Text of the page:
Henrietta Lacks

  • Removal of Henrietta Lacks' tissue sample

    Samples from the tumor in Henrietta's cervix are taken by Dr. Lawrence Wharton Jr.
  • Polio Vaccine at the HeLa Factory

    In Tuskegee, scientists and technicians produced mass amounts of HeLa cells so other scientists could prove that Jonas Salk's polio vaccine was effective. The other scientists proved this by mixing blood serum from vaccinated children with live poliovirus and HeLa cells.
  • New Methods for Freezing Cells

    A group of researchers used HeLa to develop new methods for freezing cells without harming them or changing them which then made it possible to send cells around the world. Researchers could also store cells without worrying about them.
  • Standardization of the Tissue Culture Field

    Gey was worried the the different materials and techniques other scientists were using would make it nigh on impossible to replicate experiments. So Gey and other colleagues organized a committee to standardize the technique of tissue culturing. THis was possible because now, thanks to the HeLa cells, researchers were all working with the same cells, in the same media, with the same equipment.
  • Chromosomes

    A geneticist in Texas mixed HeLa cells in a liquid in an accident that yielded surprising results. The chromosomes inside of the HeLa cells swelled and became visible. This eventually allowed researchers from Spain and Sweden to discover that normal human cells had 46 chromosomes.
  • Cellular Cloning

    Scientists in Colorado successfully used HeLa to grow cellular clones so they could utilize traits that are unique to certain cells.
  • Radiation, gravity, and cellular damage

    Scientists did many tests on HeLa cells to see how they'd react because there was such a huge amount of HeLa cells. They exposed them to radiation, put them in centrifuges that mimicked the conditions of deep sea diving or spaceflight, used them to test whether products caused cellular damage (instead of using animals for testing), and used them to test the effects of a variety of other things (like steroids, chemotherapy drugs, and hormones).
  • Cancer testing

    Chester Southam, a virologist, loaded a syringe with saline solution and HeLa cells and injected them into a cancer patient's arm in order to see if Henrietta's cancer would grow in her arm. He repeated this process with other cancer patients without disclosing what exactly he was doing.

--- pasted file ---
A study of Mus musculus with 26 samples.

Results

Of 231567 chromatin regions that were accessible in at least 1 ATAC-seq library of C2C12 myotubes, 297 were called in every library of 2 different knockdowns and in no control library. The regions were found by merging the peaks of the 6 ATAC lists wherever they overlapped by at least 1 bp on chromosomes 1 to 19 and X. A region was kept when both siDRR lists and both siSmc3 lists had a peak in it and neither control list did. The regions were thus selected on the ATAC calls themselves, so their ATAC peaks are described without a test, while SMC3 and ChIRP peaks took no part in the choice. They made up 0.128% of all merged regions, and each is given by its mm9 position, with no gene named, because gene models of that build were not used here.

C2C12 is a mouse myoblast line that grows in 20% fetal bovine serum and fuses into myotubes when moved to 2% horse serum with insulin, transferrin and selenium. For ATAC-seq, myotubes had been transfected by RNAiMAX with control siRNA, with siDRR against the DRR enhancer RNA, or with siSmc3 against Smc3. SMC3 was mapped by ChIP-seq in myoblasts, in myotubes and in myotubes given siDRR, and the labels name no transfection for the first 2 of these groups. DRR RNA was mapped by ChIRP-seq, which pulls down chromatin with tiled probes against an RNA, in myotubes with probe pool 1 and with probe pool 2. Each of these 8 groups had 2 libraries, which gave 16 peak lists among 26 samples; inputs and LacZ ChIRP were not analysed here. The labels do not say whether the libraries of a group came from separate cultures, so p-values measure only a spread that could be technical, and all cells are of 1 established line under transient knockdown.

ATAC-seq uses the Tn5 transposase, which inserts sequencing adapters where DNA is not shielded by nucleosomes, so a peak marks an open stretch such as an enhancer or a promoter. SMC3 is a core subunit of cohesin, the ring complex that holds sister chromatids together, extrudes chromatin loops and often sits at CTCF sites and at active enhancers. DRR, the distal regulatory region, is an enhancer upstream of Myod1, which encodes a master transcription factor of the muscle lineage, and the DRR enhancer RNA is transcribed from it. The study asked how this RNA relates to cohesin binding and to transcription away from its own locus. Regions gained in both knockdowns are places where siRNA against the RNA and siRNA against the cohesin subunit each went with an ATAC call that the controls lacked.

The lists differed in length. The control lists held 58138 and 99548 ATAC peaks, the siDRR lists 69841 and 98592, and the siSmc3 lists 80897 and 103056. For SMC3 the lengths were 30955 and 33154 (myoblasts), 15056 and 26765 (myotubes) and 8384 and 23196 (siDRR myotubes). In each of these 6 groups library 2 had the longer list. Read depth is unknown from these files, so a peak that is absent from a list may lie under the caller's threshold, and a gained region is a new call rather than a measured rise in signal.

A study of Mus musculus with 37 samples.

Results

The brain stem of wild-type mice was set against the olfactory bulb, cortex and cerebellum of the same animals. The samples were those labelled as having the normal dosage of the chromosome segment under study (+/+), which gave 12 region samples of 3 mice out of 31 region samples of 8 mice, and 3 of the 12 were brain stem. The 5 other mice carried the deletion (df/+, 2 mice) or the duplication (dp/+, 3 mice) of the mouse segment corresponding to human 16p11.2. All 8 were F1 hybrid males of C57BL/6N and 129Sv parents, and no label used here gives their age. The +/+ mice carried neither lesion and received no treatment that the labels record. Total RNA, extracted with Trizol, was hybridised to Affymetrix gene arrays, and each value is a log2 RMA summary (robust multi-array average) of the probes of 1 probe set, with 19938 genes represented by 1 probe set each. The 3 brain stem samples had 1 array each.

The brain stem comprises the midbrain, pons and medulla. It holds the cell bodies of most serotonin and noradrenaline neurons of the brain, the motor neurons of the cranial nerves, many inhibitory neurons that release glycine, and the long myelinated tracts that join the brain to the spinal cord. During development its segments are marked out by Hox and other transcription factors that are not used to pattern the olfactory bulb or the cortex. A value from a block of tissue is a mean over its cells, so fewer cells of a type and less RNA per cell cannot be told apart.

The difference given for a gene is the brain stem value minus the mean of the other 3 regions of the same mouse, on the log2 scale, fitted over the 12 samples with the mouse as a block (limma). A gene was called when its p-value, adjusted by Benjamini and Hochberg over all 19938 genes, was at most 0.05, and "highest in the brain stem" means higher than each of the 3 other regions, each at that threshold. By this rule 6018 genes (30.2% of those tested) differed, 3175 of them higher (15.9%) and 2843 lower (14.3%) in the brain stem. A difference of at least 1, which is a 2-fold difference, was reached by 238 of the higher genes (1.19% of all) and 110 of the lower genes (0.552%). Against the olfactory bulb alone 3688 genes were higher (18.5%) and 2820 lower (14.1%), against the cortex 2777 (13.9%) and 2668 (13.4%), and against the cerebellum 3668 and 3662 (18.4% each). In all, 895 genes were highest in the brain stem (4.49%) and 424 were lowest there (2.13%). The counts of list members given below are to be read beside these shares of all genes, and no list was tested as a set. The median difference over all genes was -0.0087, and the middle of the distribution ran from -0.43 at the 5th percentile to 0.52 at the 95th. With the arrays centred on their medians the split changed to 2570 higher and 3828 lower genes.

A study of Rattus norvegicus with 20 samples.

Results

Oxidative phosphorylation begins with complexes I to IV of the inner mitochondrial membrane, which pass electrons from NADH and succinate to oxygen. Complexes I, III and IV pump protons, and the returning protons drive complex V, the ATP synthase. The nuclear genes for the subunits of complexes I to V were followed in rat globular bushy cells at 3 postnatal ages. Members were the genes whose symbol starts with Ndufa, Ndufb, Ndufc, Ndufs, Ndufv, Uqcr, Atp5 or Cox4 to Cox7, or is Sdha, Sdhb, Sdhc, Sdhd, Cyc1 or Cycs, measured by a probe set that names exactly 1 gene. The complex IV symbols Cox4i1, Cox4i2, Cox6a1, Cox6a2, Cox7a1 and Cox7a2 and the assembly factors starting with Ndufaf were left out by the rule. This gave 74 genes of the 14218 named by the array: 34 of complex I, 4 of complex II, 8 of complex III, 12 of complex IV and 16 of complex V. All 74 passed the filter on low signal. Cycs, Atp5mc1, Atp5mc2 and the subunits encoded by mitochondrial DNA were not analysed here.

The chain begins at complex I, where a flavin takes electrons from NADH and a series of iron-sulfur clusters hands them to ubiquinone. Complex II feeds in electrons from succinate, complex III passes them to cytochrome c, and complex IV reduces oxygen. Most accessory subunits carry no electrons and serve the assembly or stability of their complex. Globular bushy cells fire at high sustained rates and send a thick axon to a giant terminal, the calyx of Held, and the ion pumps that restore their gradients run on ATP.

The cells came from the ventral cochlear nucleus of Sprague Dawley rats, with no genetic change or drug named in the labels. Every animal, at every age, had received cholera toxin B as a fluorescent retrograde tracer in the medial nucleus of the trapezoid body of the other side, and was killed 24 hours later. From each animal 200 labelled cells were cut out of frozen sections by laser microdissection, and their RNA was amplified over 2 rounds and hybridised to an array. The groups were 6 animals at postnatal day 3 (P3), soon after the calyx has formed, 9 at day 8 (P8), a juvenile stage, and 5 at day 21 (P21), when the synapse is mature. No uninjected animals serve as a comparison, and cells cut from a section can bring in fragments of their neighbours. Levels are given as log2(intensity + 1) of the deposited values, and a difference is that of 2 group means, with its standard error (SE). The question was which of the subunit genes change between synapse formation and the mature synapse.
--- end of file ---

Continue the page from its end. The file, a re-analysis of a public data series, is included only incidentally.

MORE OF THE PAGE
• Cancer Testing on Healthy Volunteers

    Southam repeated his cancer testing in healthy Ohioan prisoners.When this was successful, he moved onto gynecologic patients without telling them that he was injecting them with cancer.
  • Effects of Space Travel

    HeLa cells went in orbit so that researchers could study the effects of space travel. They found that normal, noncancerous cells grew normally but HeLa became more powerful and divided faster with each trip.
  • Jewish Chronic Disease Hospital

    Southam struck a deal with Emanuel Mandel, director of medicine at JCDH, to inject 22 patients with HeLa cancer cells. Three doctors refused citing the Nuremburg Trials because the patients didn't give consent.
  • Hybridal Research

    Scientist throughout the world used these hybrids to create monoclonal antibodies, special proteins used to create caner therapies, and to identify blood groups. Scientists also used hybrids to study the role of immunity in organ transplantation.
  • Human-Animal Hybrids

    British scientists, Henry Harris and John Watkins, fused HeLa cells with mouse cells and created the first cells that contained equal amounts of DNA from Henrietta and a mouse. This made it possible to study what genes do and how they worked. Harris also fused deactivated chicken cells with HeLa to see if it would activate the chicken cells. It worked and it showed scientists that something in cells regulated genes.
  • Gene Mapping

    Researchers at New York University discovered that human-mouse hybrids lost their human chromosomes over time which allowed scientists to map human genes to specific chromosomes by tracin the order in which genetic traits vanished.
  • Consent is required for all research

    The Board of Regents and its Medical Grievance Committee found Southam guilty of "fraud or deceit and unprofessional conduct in the practice of medicine." This decision prompted the NIH to declare that to get funding for research on human subjects, all ethical requirements must be met, including detailed informed consent.
  • HeLa Contamination

    HeLa had, unknown to scientists and researchers, invaded other cell cultures which rendered all experiments inaccurate. Geneticist Stanley Garter discovered a rare genetic marker in HeLa called G6PD-A, which is found almost exclusively in African Americans. As some of the cell lines are known to be Caucasian, yet had the same genetic marker as HeLa, it could only be assumed that HeLa had invaded the other cultures.
  • HPV-18

    German virologist, Harald zur Hausen, discovered a new strain of HPV, called HPV-18. He tested HeLa for HPV-18 believing that that was what caused Henrietta's cervical cancer. HeLa tested positive.

    Molecular biologist Richard Axel infected HeLa cells with HIV by inserting a specific DNA sequence from a blood cell into HeLa cells which made it possible for HIV to infect HeLa. This allowed scientists to begin to understand how HIV infected cells
  • HPV Vaccine

    Harald zur Hausen used HeLa to study HPV and how it causes cancer. Scientists discovered that when they blocked HPV DNA, cervical cancer cells stopped being cancerous. This discovery would lead zur Hausen to win the Nobel Prize for an HPV vaccine.